How to Cook Amberjack Fish

by Louise Lawson

Amberjack is a blanket term that refers to three different species of fish that live in the Atlantic Ocean: greater amberjacks, lesser amberjacks and banded rudderfish. Amberjacks have dense flesh and a light, pleasant flavor that holds up well to a variety of cooking methods. Whether you decide to grill, bake or blacken your amberjack, your taste buds are in for a tasty and healthy treat.

Grilled Amberjack

Rinse the amberjack filets under cold running water, and pat dry with paper towels. Rinsing removes scales or other bits of debris that might be clinging to the flesh and washes away natural juices that may contribute to an unpleasantly strong, fishy taste.

Preheat your gas grill to a temperature of 325 degrees Fahrenheit. Open the lid and bring the temperature of the grill up to approximately 300 F. Once the grill reaches that temperature, wipe the grate with a paper towel soaked with a little cooking oil, and close the lid until the temperature hits 325 F. Closing the lid creates warm air around the fish for more even cooking. If you are cooking on a charcoal grill, open the top and bottom vents all the way before you light the charcoal. The more air flowing through the grill, the faster your coals will heat. Place an oven thermometer in the middle of the grill; when the temperature reaches 325 F, close the bottom vents slightly to maintain the temperature.

Squeeze a bit of lemon juice into a resealable plastic bag and drizzle in a little bit of oil. Add a bit of your favorite spices, such as onion powder, garlic powder, lemon pepper, and Cajun seasoning, to the bag and shake well to combine. Add the amberjack filets to the bag, close it and marinate for 10 minutes.

Remove the amberjack filets from the marinade and place on the hot grill. Close the lid and leave the fish undisturbed for 5 minutes. If the fish sticks to the grate, leave it for an additional minute, or until it releases easily.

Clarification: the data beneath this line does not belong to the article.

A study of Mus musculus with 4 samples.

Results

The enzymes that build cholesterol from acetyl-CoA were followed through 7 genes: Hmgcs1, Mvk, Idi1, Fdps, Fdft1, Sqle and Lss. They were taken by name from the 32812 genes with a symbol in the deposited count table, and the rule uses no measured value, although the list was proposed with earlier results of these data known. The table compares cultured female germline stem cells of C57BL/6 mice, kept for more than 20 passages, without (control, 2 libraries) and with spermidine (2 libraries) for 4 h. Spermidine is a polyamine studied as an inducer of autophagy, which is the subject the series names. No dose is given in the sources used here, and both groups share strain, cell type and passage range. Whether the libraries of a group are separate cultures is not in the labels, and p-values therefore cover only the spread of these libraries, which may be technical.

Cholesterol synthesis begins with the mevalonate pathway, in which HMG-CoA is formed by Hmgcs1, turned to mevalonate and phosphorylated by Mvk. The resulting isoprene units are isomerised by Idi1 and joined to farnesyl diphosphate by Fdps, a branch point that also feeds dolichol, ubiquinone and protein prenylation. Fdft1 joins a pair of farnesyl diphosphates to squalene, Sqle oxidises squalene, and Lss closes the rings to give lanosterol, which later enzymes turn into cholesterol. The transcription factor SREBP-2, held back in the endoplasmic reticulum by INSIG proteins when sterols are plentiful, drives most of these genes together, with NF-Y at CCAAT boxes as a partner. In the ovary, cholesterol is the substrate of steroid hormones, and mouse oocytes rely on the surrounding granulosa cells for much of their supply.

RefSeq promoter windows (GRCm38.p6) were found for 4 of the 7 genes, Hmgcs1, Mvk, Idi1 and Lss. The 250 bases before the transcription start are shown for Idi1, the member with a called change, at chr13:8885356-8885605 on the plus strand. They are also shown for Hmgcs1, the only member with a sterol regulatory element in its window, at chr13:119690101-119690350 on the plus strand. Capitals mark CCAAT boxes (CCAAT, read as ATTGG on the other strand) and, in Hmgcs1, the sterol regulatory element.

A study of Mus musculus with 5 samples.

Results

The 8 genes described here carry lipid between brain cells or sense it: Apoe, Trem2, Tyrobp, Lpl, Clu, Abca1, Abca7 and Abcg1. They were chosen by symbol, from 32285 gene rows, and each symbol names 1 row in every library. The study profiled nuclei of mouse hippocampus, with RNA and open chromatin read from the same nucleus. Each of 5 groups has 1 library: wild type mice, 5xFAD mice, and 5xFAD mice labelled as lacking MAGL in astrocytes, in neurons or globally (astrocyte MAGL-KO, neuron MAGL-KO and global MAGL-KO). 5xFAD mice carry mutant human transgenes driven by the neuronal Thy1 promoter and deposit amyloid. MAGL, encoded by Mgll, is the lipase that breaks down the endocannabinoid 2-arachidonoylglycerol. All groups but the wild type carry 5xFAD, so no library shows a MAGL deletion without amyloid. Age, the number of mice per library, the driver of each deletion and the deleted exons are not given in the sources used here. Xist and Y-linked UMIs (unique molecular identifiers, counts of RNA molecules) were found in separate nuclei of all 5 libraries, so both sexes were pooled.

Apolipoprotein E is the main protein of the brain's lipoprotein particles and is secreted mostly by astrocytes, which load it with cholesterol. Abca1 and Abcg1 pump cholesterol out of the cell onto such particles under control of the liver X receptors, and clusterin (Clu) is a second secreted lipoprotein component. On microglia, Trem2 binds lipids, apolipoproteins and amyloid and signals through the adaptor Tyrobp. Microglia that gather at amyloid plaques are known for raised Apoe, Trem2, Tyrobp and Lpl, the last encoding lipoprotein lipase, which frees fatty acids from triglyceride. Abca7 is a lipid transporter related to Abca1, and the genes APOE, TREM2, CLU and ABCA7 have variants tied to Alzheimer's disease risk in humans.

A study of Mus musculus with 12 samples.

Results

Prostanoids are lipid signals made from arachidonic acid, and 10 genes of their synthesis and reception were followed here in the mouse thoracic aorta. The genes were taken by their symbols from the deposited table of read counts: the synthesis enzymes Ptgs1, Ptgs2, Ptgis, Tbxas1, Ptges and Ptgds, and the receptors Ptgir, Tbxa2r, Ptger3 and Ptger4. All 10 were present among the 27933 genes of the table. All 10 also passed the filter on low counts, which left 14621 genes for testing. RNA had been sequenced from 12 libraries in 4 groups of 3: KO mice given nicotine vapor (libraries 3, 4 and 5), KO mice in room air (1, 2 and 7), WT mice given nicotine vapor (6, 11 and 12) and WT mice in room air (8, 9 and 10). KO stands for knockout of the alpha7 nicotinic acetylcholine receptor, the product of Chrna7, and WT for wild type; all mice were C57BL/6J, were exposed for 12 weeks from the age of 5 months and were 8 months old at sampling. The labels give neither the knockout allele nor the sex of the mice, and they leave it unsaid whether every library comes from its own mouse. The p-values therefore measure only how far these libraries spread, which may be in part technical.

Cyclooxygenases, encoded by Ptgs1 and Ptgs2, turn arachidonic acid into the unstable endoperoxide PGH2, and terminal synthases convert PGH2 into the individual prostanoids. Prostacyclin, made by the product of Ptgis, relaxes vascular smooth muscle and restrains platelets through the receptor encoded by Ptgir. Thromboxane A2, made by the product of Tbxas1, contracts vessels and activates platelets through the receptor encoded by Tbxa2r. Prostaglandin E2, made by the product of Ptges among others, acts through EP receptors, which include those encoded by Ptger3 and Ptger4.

Flip the fish over and cook for an additional 5 minutes, or until it flakes easily with a fork. Test each filet with a meat thermometer to ensure it reaches a safe internal temperature of 145 F, as recommended by the U.S. Department of Agriculture.

Baked Amberjack

Rinse and dry the amberjack and place the filets in a shallow baking dish. Drizzle a few drops of oil over each filet, and turn it with your hands to evenly coat the fish.

Sprinkle a little lemon pepper, a bit of garlic powder and a little lemon juice over each filet. For extra citrus flavor, add a little grated lemon zest to the fish.

Bake uncovered in a 350 F oven for 10 minutes per inch of thickness, or until the fish turns opaque and flaky. Check the fish with a thermometer for doneness before serving.

Blackened Amberjack

Heat a cast-iron skillet over high heat. Cast iron is essential to blacken fish, since the secret to blackening is not in the spices, but in a slight burning of the butter when it hits the hot pan.

Melt a small amount of butter in a shallow dish and sprinkle in a blend of spices. Cajun seasonings, including cayenne, pepper and paprika, are popular choices, but you can use any seasonings you like. Stir the seasoning mixture into the butter until it forms a thin paste.

Dip each piece of amberjack in the butter mixture, flipping once to coat both sides. Place the filets in the hot pan with a pair of long tongs to prevent burns in the event of splatters.

Cook the fish undisturbed for 3 minutes, and loosen it gently with the tongs. Flip the fish over, and cook for 3 minutes on the other side. Filets thicker than 1 inch may require additional cooking time, so check with a meat thermometer before eating. The fish should reach an internal temperature of 145 F, per the U.S. Department of Agriculture.

Photo Credits

  • Nicolas Agustin Cabrera/Demand Media

About the Author

Louise Lawson has been a published author and editor for more than 10 years. Lawson specializes in pet and food-related articles, utilizing her 15 years as a sous chef and as a dog breeder, handler and trainer to produce pieces for online and print publications.